No Evidence Yet That Pushing/Pulling at Work is Linked with Low Back PainWhat causes low back pain at work? Is it the lifting? The pushing? The pulling? Researchers from Canada have published a report on the 2,766 studies they found on low back pain in the work setting. Type of occupational setting included various levels of manual labor. There were firefighters, nurses, salespersons, kitchen helpers, postal workers, shipbuilders, physicians, and steel mill workers, to name a few.
In theory, it makes sense that shearing forces are applied to the spine during pushing and pulling activities. Load and compression on the intervertebral discs occur. But are these forces enough to cause overload injuries to the low back area?
In this systematic review, all available evidence was gathered, analyzed, and summarized. The search for published data on the topic included electronic databases well-known and respected such as Medline, EMBASE, and CINAHL.
Only 13 of the 2,766 studies met the necessary standards to be included. And an evaluation of the methods used in those studies showed that only eight of the 13 were high-quality. The remaining five were so low in quality, the reported results couldn't be used.
What makes for a "good" or "high-quality" study? First, the authors of the study use statistical measures that are valid and have high methodological quality. That means the sample size (number of people enrolled in the study) has to be enough to be relevant.
In this case of looking at the effect of physical activity (pushing/pulling) on low back pain, it would be helpful if the task measured by each study was described quantitatively (how much load, how often, direction, duration).
And these factors should be examined in light of when and how the low back pain occurs. The result would be a measure called dose response (i.e., what type of load is linked with low back injury).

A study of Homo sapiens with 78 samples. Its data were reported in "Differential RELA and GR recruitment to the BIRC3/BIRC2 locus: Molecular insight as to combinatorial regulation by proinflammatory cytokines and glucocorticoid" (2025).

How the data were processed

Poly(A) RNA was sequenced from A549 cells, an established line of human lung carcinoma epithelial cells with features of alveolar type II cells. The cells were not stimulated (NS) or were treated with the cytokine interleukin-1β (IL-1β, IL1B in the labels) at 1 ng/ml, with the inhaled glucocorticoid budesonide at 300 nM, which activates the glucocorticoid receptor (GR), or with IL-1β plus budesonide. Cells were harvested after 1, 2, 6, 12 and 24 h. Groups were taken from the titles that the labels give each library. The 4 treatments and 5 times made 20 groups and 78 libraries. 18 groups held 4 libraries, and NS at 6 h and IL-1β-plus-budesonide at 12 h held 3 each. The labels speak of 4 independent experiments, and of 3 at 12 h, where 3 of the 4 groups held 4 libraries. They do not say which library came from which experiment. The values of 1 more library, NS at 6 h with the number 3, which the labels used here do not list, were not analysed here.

According to the results reported in the eight high-quality studies on this subject, there just isn't enough evidence to say that pushing/pulling activities on-the-job causes low back pain. Nurses pushing and pulling heavy hospital beds do suffer low back pain. But whether it was the pushing/pulling activity or something else remains unproven. Likewise for any of the other workers engaged in occupations studied.
The results of this systematic review show the need for high-quality studies using a prospective cohort design. Prospective cohort means the workers are studied on an ongoing basis rather than asked after they have suffered a back injury what factors were involved.
This type of design helps eliminate what's called recall bias. In other words, statistics gathered as the injuries occur are more accurate in detail (how, what, when) compared with asking workers weeks to months later what happened and how it happened.
In summary, there just isn't enough evidence from high-quality studies to confirm a link between pushing and pulling work-related activities and low back pain. These activities may be a risk factor for low back pain but until enough evidence from high-quality studies is presented, it remains an unanswered question.
Darren M. Roffey, PhD, et al. Causal Assessment of Occupational Pushing or Pulling and Low Back Pain: Results of a Systematic Review. In The Spine Journal. June 2010. Vol. 10. No. 6. Pp. 544-553.